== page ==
Royal Blackheath is located in South East London and was formally instituted in 1608, making it possibly the oldest golf course in the world. The club can trace its rich and illustrious history back to the 16th century when James VI of Scotland proceeded with his Scottish court to London. The 18 hole course is set in 123 acres in the smoke free zone of Greenwich, completely surrounded by woodland. In order to manage this ever ‘growing’ problem the club was badly in need of a wood chipper and turned to GreenMech.
Simon Brittan is Deputy Course Manager and chief mechanic and has been at the club for 25 years – his engineering background standing him in good stead, along with general farming experience, for this dual role. No slouch to Greenkeeping either having completed various City & Guilds exams. Simon has the support of a team of five others along with the Course Manager.
“We have literally thousands of trees on the site that require constant maintenance,” he said, “and to find a way of disposing of the waste we turned to chipping.” He says they made extensive enquiries, speaking to lots of tree surgeons and other industry contacts. He added, “At Royal Blackheath we have a tradition of contacting other people who have used the machine we’re interested in. It’s all well and good talking to salesmen but we like to find out from the people that have maintained a machine to get a better insight.”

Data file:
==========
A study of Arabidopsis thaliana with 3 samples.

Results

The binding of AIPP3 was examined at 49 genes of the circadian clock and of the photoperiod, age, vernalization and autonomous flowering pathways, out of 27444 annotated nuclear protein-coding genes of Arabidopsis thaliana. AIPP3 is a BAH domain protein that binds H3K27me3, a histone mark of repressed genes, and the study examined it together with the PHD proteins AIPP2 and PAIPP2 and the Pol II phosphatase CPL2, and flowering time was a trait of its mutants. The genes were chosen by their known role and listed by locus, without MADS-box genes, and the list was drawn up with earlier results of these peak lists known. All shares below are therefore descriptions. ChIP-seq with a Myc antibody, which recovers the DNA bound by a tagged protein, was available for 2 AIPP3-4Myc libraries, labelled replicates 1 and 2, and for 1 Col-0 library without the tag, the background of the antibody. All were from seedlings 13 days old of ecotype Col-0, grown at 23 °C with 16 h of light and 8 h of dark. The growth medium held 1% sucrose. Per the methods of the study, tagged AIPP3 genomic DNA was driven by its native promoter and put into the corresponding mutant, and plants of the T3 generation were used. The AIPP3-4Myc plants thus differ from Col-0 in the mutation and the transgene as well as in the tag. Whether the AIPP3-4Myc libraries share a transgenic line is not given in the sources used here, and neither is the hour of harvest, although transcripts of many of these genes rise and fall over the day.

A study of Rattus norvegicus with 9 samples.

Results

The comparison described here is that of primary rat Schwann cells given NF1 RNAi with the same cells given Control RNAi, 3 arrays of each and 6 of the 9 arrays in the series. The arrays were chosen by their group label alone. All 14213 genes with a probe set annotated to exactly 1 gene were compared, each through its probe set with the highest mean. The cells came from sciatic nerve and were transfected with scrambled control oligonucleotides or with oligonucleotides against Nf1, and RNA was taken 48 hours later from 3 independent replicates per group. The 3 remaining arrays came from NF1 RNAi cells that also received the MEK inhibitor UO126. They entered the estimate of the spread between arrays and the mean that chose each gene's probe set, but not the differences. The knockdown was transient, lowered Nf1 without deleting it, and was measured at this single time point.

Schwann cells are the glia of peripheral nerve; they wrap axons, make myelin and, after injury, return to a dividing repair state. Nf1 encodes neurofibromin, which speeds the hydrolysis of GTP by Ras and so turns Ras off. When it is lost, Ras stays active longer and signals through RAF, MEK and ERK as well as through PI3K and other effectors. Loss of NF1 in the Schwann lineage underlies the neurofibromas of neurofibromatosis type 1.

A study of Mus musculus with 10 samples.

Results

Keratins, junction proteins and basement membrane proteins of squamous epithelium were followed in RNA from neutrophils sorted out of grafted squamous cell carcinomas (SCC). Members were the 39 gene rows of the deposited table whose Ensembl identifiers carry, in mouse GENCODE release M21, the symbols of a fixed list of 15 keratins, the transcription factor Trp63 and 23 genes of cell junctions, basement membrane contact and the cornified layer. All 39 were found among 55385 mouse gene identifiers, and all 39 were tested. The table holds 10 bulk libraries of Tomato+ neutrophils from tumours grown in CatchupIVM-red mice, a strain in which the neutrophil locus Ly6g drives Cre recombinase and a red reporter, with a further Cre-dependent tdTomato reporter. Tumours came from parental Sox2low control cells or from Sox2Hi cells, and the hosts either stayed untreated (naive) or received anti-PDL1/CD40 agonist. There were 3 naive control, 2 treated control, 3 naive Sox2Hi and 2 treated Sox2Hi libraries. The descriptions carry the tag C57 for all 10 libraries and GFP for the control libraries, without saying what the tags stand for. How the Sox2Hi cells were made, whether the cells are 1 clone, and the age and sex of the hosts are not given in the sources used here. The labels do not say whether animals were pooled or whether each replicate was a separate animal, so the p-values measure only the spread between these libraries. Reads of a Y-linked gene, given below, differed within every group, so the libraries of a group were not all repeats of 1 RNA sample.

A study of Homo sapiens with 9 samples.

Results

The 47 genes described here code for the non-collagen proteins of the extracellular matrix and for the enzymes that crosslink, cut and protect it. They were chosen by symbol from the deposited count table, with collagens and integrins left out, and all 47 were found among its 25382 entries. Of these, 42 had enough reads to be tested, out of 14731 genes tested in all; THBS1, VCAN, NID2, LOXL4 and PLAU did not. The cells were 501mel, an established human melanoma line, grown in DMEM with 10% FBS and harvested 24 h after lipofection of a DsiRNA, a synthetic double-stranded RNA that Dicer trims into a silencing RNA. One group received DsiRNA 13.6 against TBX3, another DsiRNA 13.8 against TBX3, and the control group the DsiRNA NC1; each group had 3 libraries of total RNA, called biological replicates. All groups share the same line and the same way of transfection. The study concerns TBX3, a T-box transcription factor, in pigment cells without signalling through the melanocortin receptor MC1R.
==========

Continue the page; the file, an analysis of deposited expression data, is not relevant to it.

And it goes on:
Most recommendations came for a GreenMech chipper so the club purchased a ChipMaster 220 after considering it to be the most suited to their needs from the range offered. With no need for a demonstration it wasn’t until the delivery that Simon met GreenMech’s Julian Cullis, who has gone on to provide any additional support that has been required.
Six months in and the machine has just finished a very busy winter, being used sometimes daily, but at least every other day. Simon has not been disappointed with it, “It’s extremely powerful and does what’s expected of it – handling everything very well. Not being able to burn waste has turned into an asset with plenty of wood chippings finding good use around the club.”